London’s Veronica Falls’ 2011 self-titled debut was released to generally favorable critical reviews for a sound that had been described by many of my colleagues and fellow critics as goth-tinged pop. The February 19th release of the band’s sophomore release Waiting For Something To Happen through Slumberland Records in North America and Bella Union Records in Europe and elsewhere has the band refining and perfecting their sound.
With the release of the album’s first three singles, “My Heart Beats,”“Teenage” and “Buried Alive,” it’s obvious that the band draws some of their influence from 60s pop through their use of bright, buoyant melodies and gorgeous harmonies. And it’s done in an effortlessly elegant fashion that reveals how well-crafted and constructed the songs really are – each part of every song works perfectly together and every song fits in with each other.
I recently spoke with the band’s James Hoare about the new album, their upcoming New York-area date at the Bowery Ballroom on March 8th, and several other topics in the Q&A below.
WRH: How did each of you get into music?
JH: Listening to the Beatles when I was 5 or so. Then getting a guitar a couple of years later and trying to learn their songs. Then starting a band
WRH: How did the band meet?
JH: Roxanne [Clifford] and Patrick [Doyle] moved to London from Glasgow. I met them through a mutual friend, and we started the band through having a free practice space. After we’d played a few shows we recruited Marion [Herbain] on bass and the band was completed.
WRH: Who are your influences?
WRH: How would you describe the band’s sound?
WRH: Who are you listening to right now?
WRH: What would those who are unfamiliar with you and your sound expect to hear on the band’s forthcoming album, Waiting For Something to Happen? How does the new album differ from your previous work?
JH: I’d expect a collection of pop songs, influenced by 60’s British Invasion groups, 80’s punk rock, [the] Flying Nun, early 90’s American Lo-Fi bands, etc. The album differs in lyrical content to the first record. With more introspective songwriting. The sound is a continuation of the first record, more developed and complex (especially the vocal arrangements).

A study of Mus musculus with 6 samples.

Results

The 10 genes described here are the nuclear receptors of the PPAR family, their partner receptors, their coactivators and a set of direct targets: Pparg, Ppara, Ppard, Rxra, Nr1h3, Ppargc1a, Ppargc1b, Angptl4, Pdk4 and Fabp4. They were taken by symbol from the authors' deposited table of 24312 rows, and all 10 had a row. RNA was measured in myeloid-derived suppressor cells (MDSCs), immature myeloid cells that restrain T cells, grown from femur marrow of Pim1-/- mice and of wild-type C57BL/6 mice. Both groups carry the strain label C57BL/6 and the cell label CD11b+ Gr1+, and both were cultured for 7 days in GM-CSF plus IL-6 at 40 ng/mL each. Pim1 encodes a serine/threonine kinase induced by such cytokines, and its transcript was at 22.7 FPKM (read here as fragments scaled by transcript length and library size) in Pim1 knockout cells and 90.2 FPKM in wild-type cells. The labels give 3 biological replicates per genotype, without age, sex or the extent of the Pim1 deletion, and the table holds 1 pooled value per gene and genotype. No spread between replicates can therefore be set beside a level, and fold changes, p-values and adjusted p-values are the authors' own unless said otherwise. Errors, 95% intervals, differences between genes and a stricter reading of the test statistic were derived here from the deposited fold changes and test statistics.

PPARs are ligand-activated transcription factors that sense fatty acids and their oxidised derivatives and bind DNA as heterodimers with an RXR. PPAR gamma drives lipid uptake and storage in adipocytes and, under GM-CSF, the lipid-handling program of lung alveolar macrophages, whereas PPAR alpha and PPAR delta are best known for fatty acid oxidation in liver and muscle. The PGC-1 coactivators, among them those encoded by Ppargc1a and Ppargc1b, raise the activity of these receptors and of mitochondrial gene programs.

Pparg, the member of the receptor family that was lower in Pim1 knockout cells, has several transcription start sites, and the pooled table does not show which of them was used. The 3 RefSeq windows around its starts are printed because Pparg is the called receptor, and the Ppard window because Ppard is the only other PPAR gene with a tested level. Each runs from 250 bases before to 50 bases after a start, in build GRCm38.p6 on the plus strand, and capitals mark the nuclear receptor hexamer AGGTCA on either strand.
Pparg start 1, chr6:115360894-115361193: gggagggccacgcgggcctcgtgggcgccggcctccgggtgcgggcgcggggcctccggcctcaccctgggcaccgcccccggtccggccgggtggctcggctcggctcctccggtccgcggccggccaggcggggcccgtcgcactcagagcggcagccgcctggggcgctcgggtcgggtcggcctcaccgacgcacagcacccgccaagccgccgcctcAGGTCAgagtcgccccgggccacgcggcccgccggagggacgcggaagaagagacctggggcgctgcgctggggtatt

WRH: I understand that the new effort is a change of musical direction from your full-length debut. Was that a conscious decision to change things up or did it come about organically as you were writing the material that became the new album? Do you think your fans will be accepting of such a change?
JH: I hope people who liked the first record will like this one too. I don’t see it as dramatically different. It’s the same instrumentation, recording process, etc., the main change is the lyrical content. I can’t imagine we’ll alienate our previous fans with it. At least I hope not.
WRH: Many of the songs lyrically sound as though they’re these intimate and almost old-fashioned, sweet confessions of love, love lost and the attempt to move on, and find new love. How much are the lyrics influenced by your own real life experiences?
JH: The lyrics are influenced by personal experience. Some of the songs more than others. It’s the same things people have been writing about since the earliest days.
WRH: How did you come up with the album name? Was it something that came about organically, where you knew ahead of time – “this is only name for the album”?
JH: It came about later on. We had the record finished and then realised title track (Waiting For Something To Happen) seemed to fit well and made sense in the context of the whole album.
WRH: The material on the new album is so impeccably crafted – every piece fits into each other perfectly, down to the beautiful harmonies. How does the songwriting process work for you? Does one member have an idea that requires the others help to flesh out? Do you come up with lyrics first or the music first?
JH: Three of us in the band (Roxanne, Patrick and myself) write the songs. Sometimes collectively, but most of the time they are individually brought to the table in different states of completion. They often end up sounding quite different from the original idea. Sometimes they come about with ease but most of the time we work on them a lot to get them into the finished state.
WRH: The band will be embarking on a tour through North America during most of March, and it includes a stop at the Bowery Ballroom here in NYC. What should readers expect if they were catch you live?
JH: I don’t really know what to say for this. we’ll play a collection of songs from both records. with (hopefully) a high energy performance
WRH: What advice would you give to independent musicians trying to make a name for themselves?
JH: Work on your songs. Also try and get some recording equipment together. That’s always a help. Listen to the classics, stay away from drugs, the man, etc.